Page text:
That NSA Prism PowerPoint deck: A better-designed version, and what's in the missing slides?

"Dear NSA, let me take care of your slides," writes Emiland, in a redesigned version of the Prism leak. "Do whatever with my data. But not with my eyes. Those slides are hideous."

Related: What's in the missing slides? Hacker and journalist Kevin Poulsen at Wired News explores what's missing from Snowden's PowerPoint deck. There are 41 slides, but the Guardian and the Washington Post would only publish 5 of them.

Even Greenwald, who urged me rather strongly in 2010 to publish Bradley Manning’s personal chats, is taking a more conservative view of the NSA’s PowerPoint. “I’m not going to discuss our legal advice with you,” Greenwald wrote on Twitter, “but we’re not publishing NSA tech methods.” To us geeks, the tech methods, of course, are the most interesting part. Snowden evidently wanted the entire presentation published, at least at one point in his discussions with the Post’s Gellman. On May 24, “Snowden asked for a guarantee that the Washington Post would publish — within 72 hours — the full text of [the] PowerPoint presentation,” Gellman wrote Sunday, in a fascinating account of his interactions with the whistleblower. “I told him we would not make any guarantee about what we published or when.”


  1. But do we really want the NSA’s presentations on spying on us to be slick and good-looking? I think I’d prefer that they be amateurish; then there’s a slight hope that someone viewing them might allow their attention to wander and think about what the presentation is actually selling.

  2. Very prudent of Mr. Greenwald and his editors. The journos are called heroic for dramatically revealing something we already knew and their source gets to spend a long period of time in very small rooms. 

    1. Sounds like more like a desperate attempt at a distraction than anything else.  They already know what the answer will be.  We all already know what the answer will be.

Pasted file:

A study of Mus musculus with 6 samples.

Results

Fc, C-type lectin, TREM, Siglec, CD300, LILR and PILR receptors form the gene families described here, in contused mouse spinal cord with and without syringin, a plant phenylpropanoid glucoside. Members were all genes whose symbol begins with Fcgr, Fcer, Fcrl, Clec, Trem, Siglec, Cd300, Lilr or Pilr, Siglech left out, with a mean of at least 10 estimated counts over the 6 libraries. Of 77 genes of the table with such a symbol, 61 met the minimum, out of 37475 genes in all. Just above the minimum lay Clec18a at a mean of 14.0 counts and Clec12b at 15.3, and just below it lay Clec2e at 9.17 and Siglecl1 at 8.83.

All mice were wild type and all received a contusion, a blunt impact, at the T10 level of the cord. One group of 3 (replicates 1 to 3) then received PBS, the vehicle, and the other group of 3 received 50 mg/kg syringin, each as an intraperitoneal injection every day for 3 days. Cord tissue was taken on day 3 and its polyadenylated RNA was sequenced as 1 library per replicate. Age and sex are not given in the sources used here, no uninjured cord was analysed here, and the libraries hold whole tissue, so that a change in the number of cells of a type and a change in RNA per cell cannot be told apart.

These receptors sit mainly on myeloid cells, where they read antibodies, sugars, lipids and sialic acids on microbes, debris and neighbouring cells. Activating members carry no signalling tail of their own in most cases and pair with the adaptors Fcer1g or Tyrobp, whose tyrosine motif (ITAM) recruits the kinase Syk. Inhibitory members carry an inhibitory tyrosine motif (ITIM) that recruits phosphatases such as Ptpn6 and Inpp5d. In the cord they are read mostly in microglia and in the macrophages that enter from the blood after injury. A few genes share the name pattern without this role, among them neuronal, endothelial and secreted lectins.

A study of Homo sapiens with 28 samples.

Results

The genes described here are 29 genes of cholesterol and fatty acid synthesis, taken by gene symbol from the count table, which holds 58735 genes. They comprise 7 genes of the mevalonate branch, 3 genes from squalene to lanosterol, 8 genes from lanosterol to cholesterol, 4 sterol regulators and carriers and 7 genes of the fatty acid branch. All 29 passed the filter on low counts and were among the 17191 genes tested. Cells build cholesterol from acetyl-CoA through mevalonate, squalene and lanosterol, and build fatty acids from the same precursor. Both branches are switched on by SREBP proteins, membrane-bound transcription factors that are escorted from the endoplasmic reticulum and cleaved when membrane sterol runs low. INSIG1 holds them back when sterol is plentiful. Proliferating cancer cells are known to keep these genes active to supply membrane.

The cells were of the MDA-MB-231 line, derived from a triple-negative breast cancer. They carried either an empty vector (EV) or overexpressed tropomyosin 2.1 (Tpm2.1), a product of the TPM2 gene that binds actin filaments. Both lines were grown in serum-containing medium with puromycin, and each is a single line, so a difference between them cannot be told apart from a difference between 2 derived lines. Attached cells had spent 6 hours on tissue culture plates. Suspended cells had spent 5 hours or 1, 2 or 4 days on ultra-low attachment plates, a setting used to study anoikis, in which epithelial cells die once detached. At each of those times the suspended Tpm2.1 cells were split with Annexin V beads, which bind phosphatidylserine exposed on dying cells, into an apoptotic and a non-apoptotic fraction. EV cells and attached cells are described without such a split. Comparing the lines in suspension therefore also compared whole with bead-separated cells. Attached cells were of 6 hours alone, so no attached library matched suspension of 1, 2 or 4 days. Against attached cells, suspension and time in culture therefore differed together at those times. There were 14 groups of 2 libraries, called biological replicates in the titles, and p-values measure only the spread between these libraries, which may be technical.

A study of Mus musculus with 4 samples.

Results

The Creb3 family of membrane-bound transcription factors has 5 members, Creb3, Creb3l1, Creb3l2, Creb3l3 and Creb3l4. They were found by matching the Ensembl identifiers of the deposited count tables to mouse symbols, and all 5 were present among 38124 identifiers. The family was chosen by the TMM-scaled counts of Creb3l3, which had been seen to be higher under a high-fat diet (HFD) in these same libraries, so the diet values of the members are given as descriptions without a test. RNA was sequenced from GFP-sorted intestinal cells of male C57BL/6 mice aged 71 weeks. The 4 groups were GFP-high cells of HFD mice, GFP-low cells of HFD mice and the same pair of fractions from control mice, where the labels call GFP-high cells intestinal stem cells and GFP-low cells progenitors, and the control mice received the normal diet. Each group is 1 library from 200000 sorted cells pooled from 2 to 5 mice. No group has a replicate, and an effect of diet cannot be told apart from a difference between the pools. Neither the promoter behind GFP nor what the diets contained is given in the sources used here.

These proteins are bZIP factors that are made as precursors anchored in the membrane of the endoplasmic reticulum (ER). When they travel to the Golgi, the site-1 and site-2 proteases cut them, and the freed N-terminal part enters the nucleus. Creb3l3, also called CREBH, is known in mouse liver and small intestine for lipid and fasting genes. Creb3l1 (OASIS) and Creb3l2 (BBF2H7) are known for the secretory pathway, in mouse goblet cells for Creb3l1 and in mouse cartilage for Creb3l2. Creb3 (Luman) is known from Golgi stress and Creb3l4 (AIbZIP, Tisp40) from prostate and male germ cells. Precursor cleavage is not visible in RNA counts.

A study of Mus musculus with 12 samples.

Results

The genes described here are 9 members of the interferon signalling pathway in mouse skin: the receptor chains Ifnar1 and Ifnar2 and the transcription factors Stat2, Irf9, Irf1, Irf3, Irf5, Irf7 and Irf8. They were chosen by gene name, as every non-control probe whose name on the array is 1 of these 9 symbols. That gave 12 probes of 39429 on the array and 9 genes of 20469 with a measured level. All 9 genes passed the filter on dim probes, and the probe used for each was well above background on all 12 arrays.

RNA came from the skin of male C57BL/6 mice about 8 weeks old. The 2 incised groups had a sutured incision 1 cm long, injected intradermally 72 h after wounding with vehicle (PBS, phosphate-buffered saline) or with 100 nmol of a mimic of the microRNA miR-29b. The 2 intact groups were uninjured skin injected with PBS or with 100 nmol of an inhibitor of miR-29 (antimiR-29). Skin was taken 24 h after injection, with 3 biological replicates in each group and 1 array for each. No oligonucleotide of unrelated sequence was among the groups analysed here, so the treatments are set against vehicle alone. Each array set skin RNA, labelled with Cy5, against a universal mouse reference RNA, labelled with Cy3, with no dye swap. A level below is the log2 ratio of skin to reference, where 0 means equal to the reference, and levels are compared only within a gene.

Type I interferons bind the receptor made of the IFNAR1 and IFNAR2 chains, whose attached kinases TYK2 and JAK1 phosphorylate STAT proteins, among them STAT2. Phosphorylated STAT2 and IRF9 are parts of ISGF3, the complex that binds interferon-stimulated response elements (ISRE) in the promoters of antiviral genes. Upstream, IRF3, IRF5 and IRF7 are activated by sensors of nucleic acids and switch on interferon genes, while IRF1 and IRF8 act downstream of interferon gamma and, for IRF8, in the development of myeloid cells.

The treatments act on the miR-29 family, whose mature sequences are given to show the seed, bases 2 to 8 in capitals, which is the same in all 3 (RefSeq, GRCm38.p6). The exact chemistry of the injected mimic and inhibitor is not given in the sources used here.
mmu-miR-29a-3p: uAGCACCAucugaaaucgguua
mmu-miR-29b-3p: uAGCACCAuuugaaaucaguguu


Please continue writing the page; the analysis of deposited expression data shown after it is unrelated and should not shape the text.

1. Look over there! Bad graphic design! Never mind the Fourth Amendment, it’s time to feel smugly superior!

    1. I so, so wish both Apple and Microsoft weren’t on that list.  I’d switch to either one that stood up to this shit.

      I wonder how many Americans are going to change their workflow and even possibly their business goals just so they can stop being spied on so readily by the United States of Corporations?

      I know I’m looking into Linux now more than ever even if that means some disadvantages to my workflow.

      Who wants quasi-governmental corporations under the guise of “security and safety” peeking into their business plans?  Not me.

  3. I vote we stop using PowerPoint altogether and just teach people to give a proper informative speech. Even the reworked slides are a big YAWN – prettier, more informative – but still would not keep me awake in a meeting. Fortunately, in that meeting I could be perusing my co-worker’s Yahoo accounts, which would be much more fun.

    1. I vote we stop using PowerPoint altogether and just teach people to give a proper informative speech.

      Two words: Interpretive dance.

      1.  One: Eurythmy./remark: Please don’t get on about the ideology. I know. It’s disgustingly pseudo-scientific.

  4. Speaking of the NSA PowerPoint, here’s a hilarious lampoon of them by the FluffingtonPost. Even never considered the branding implications of this scandal. Funny stuff.